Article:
NEW YORK (CBSNewYork) -- Here's an incredible story about a Bronx man who has been fighting for a new lease on life.

His scheduled kidney transplant was abruptly canceled after he suffered another devastating health diagnosis.

But now, after years of waiting, his surgery is finally going forward.

And as CBS2 Kiran Dhillon reported Wednesday, as Robert Sanchez gets a new lease on life, three others will as well.

As 52-year-old Sanchez reflected on his life, tears brimmed to his eyes.

"Life in general has been challenging for me," he said.


At the age of 18, Sanchez was incarcerated on a charge of possessing narcotics. After spending 15 years in prison, he dedicated his life to giving back.

But in 2009, the Bronx social worker received another devastating setback.

"I have a disease called focal segmental glomerulosclerosis, FSGS for short," Sanchez said.

The disease attacked both of Sanchez's kidneys.

By 2014, due to kidney failure, he began requiring dialysis three times a week.

But last year there was a glimmer of hope, after Borough Park organ matchmaker Chaya Lipschutz connected Sanchez with New Jersey resident Elizabeth Antosy, who was willing to donate a kidney to a complete stranger.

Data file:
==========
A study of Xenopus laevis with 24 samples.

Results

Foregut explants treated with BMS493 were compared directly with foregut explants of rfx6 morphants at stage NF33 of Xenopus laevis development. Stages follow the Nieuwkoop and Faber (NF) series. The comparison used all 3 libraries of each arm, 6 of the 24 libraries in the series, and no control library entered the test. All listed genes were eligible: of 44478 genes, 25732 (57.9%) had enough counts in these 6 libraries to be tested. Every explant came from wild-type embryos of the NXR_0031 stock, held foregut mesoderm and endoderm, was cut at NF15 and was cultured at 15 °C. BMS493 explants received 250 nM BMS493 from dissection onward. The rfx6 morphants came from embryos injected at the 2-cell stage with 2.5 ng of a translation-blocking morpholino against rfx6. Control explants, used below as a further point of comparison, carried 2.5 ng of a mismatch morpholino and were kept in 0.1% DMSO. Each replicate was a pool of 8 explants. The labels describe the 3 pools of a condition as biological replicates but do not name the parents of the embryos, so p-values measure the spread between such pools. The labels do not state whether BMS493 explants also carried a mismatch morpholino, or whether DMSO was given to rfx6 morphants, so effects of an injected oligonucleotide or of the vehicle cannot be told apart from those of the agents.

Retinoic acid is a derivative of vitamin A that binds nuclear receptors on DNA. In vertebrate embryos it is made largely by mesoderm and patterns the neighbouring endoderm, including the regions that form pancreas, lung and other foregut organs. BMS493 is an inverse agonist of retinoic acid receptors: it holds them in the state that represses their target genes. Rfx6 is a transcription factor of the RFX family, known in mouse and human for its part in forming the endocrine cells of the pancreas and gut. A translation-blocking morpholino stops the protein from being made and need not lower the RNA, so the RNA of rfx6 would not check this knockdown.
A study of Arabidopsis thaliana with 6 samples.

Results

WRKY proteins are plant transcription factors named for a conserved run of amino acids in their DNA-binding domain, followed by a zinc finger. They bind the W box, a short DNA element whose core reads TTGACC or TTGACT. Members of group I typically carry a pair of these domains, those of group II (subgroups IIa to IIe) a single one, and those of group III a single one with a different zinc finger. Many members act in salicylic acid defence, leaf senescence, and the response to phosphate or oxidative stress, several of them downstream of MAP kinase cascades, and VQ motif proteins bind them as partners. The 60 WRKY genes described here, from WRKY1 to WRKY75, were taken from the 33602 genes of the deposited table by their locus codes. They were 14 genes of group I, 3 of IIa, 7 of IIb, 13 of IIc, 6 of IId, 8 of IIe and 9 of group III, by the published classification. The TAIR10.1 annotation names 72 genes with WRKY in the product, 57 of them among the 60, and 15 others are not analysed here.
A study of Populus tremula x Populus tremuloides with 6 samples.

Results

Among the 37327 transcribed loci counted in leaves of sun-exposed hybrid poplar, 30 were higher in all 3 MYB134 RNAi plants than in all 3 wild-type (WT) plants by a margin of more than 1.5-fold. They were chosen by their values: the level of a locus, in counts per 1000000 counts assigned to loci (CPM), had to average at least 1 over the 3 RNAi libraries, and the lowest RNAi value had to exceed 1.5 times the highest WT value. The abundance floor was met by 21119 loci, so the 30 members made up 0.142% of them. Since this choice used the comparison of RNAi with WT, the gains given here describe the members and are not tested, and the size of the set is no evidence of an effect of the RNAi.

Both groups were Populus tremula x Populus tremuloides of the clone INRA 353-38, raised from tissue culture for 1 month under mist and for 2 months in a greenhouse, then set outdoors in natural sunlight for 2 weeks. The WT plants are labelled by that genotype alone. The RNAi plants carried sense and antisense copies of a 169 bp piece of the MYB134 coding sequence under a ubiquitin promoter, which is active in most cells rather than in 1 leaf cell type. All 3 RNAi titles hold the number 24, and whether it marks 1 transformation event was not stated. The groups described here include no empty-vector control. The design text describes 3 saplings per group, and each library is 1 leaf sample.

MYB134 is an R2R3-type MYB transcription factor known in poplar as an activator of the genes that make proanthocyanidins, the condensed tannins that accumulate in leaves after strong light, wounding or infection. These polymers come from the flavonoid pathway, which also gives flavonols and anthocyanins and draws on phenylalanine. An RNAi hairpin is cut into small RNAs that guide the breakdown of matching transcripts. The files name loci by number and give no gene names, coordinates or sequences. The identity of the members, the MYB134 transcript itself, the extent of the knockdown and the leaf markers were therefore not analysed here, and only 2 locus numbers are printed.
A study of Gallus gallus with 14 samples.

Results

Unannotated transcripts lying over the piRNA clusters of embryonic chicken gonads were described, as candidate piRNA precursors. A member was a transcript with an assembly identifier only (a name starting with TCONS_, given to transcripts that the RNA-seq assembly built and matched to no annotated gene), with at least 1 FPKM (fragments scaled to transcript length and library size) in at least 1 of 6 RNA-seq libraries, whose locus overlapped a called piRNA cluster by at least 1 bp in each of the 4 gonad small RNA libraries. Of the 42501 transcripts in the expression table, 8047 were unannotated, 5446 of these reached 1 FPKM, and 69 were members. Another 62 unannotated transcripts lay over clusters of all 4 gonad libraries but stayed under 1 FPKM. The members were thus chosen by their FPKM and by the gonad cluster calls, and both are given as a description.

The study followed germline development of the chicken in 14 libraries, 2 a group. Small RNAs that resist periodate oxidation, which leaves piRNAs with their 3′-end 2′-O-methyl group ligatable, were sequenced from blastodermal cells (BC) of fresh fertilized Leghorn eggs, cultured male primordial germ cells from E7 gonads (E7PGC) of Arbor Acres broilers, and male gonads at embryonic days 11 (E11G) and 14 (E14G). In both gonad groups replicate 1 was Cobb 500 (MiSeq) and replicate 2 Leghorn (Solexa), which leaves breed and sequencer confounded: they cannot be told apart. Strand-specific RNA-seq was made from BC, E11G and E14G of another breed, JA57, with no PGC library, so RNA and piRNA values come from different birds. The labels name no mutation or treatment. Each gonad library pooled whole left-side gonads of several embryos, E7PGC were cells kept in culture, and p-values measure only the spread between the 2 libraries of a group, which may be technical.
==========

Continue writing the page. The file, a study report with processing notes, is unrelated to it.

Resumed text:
"I am a nurse, so I know that living on dialysis is not an ideal way to live," Antosy said.

But two days before the transplant, he suffered another blow.

"They sent me to do an MRI and it came back that I had cancer in my kidney," Sanchez said.

Sanchez underwent surgery for the cancer, but when it came time to revisit his transplant, he and Antosy were no longer a match because he had developed antibodies.

"I wasn't going to leave him hanging. He was counting on me," Antosy said.

So the two formed a kidney chain, joining with three other pairs of incompatible donors and recipients to create matches.

Four people, including Sanchez, will now receive life-altering transplants from strangers.

His surgery was set to take place Wednesday evening.

Antosy's donation is expected next Tuesday.

Sanchez said the last six and a half years of his life have been extremely difficult and challenging, adding it has been his friends, his spirituality, and the kindness of strangers that has helped him through.

"What do you say to people that save your life? How do you say thank you?" Sanchez said.

He said he'll forever be grateful to his three guardian angels -- Antosy, his transplant matchmaker, and the unknown donor -- for saving his life.